Counsellors, like everyone else, need to know how to manage time effectively. For those moving into private practice, it can come as quite a shock to realise that there are many conflicting demands organising day-to-day activities, generating income and balancing business and professional matters as well as personal needs.
Typical tasks in a working week
To start you thinking about your time management needs, take some time to think about the tasks associated with your work and how much time these take up.
Although a 30-hour week may seem a very attractive option to those working for voluntary sector organisations, they often do not take into account the time needed for a variety of other activities, for example, corresponding, typing, posting letters, travelling time, marketing activities, emotional effect of seeing clients, training requirements, attendance at local support groups, networking and time spent expanding services. It is not uncommon for counsellors to also act as counselling supervisors and/or trainers and the needs and time allocation for each additional work area need to be taken into account.
In addition, you also have to allow for the unexpected – such as calls from clients, contacts from other agencies, machine maintenance such as computer servicing, upgrading or breaak-down. Working on the principle that no one works at 100 per cent efficiently all the time, work study officers make an automatic allocation of 12.5 per cent of time as a normal ‘relaxation allowance’ for lost time and natural breaks. There is no reason why counsellors should not make a similar allowance. The average working week could, therefore, quite easily extend to between 40 and 45 hours.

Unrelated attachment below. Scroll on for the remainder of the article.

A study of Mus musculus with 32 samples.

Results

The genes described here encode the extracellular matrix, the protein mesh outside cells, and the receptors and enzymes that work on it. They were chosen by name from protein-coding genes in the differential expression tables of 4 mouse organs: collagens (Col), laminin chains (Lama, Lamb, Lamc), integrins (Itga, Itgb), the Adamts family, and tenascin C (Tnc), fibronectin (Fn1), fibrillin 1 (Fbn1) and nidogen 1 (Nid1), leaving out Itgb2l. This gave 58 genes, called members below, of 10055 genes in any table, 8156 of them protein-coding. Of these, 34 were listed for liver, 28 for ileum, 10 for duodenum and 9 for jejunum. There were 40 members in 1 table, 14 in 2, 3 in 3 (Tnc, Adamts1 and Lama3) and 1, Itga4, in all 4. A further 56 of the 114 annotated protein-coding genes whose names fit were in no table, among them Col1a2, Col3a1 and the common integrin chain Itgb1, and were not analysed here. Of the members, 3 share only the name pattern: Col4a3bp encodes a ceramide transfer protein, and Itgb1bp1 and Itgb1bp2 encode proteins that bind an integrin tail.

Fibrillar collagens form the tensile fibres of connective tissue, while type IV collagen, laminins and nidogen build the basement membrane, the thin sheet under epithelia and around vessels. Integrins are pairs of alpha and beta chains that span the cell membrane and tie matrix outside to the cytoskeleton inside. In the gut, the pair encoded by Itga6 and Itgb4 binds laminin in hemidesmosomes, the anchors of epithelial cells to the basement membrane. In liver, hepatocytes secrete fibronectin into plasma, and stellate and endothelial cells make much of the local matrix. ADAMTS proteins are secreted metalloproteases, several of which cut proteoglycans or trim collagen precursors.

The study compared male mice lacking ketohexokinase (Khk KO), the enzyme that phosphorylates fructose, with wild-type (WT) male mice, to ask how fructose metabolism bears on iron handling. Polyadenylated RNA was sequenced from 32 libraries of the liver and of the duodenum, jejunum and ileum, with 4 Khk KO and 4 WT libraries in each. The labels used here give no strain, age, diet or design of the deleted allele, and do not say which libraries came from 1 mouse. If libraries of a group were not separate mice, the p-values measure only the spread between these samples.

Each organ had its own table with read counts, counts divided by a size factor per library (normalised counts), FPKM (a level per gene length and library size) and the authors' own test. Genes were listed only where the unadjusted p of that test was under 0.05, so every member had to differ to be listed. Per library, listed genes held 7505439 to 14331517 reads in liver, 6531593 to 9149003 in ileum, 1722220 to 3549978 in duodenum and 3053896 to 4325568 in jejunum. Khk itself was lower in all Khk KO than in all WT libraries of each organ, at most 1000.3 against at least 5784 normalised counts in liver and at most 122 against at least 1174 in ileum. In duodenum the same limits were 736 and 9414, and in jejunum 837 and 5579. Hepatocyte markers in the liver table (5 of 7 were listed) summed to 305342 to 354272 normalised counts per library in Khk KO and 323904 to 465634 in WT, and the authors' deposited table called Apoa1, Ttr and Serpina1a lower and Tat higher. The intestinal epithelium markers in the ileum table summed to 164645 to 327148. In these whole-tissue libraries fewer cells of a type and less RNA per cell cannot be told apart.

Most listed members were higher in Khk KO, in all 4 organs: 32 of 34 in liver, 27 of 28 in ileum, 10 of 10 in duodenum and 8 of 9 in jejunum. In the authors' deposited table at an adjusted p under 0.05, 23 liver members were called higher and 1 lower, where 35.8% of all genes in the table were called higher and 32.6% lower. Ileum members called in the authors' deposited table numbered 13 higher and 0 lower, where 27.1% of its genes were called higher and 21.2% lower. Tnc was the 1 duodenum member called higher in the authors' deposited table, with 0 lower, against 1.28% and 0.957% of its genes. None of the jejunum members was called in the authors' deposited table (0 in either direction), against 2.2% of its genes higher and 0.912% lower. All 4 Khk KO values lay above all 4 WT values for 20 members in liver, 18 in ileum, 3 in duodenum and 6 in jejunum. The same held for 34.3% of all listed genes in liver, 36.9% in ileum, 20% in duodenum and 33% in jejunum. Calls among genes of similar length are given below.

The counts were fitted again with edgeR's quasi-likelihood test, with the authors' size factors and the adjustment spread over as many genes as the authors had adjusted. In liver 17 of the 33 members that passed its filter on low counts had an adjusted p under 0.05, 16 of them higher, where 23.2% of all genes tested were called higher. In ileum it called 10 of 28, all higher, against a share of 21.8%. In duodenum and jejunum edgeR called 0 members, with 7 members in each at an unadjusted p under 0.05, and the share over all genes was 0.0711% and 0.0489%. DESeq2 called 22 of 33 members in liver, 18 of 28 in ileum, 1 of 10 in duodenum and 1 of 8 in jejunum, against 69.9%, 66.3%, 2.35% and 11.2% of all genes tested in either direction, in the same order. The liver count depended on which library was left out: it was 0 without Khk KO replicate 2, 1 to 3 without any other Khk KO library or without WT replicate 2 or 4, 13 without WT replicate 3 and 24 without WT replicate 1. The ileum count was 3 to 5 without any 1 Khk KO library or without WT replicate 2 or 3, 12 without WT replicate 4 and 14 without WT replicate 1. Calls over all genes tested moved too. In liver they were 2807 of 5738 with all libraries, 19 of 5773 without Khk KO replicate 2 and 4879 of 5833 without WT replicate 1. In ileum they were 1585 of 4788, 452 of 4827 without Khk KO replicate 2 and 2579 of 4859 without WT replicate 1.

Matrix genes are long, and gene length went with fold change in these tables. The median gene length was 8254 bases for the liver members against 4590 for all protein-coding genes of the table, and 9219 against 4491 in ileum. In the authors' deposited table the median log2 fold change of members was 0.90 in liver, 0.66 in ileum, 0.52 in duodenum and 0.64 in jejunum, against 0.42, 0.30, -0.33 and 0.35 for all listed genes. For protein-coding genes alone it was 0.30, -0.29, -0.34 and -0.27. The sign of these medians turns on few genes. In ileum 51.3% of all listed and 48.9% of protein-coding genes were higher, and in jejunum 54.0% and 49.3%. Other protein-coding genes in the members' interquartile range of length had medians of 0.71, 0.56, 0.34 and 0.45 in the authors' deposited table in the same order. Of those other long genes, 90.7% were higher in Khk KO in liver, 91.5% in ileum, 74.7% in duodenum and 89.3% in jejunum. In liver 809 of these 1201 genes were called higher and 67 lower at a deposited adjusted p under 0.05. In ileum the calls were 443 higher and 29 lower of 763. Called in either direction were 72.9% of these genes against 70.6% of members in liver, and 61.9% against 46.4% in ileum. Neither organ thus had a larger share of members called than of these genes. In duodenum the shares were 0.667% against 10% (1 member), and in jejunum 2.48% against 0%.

Time also needs to be allocated for domestic and social life. There are on-going household chores to consider, to say nothing of rest and relaxation time, hobbies and time for friends and family. Counsellors need to lead a balanced life like anyone else. Indeed, given the work that we do it is perhaps even more important that we recognise our own needs and make time to lead as balanced a life as possible.
Thanks Gladeana, that’s a really useful briefing. I am currently studying which involves reading, writing as well as documenting, seeing clients, networking, marketing, as well as being a single parent and looking after a home. It’s the stuff that is unexpected that always seems to take up the most time and bit me on the bum!
The unexpected can throw you off kilter. Making sure what gets done is a priority can help manage such situations as can overcoming the idea of getting everything done. When there are only 168 hours in a week, the reality is that we sometimes have to accept we can’t do everything.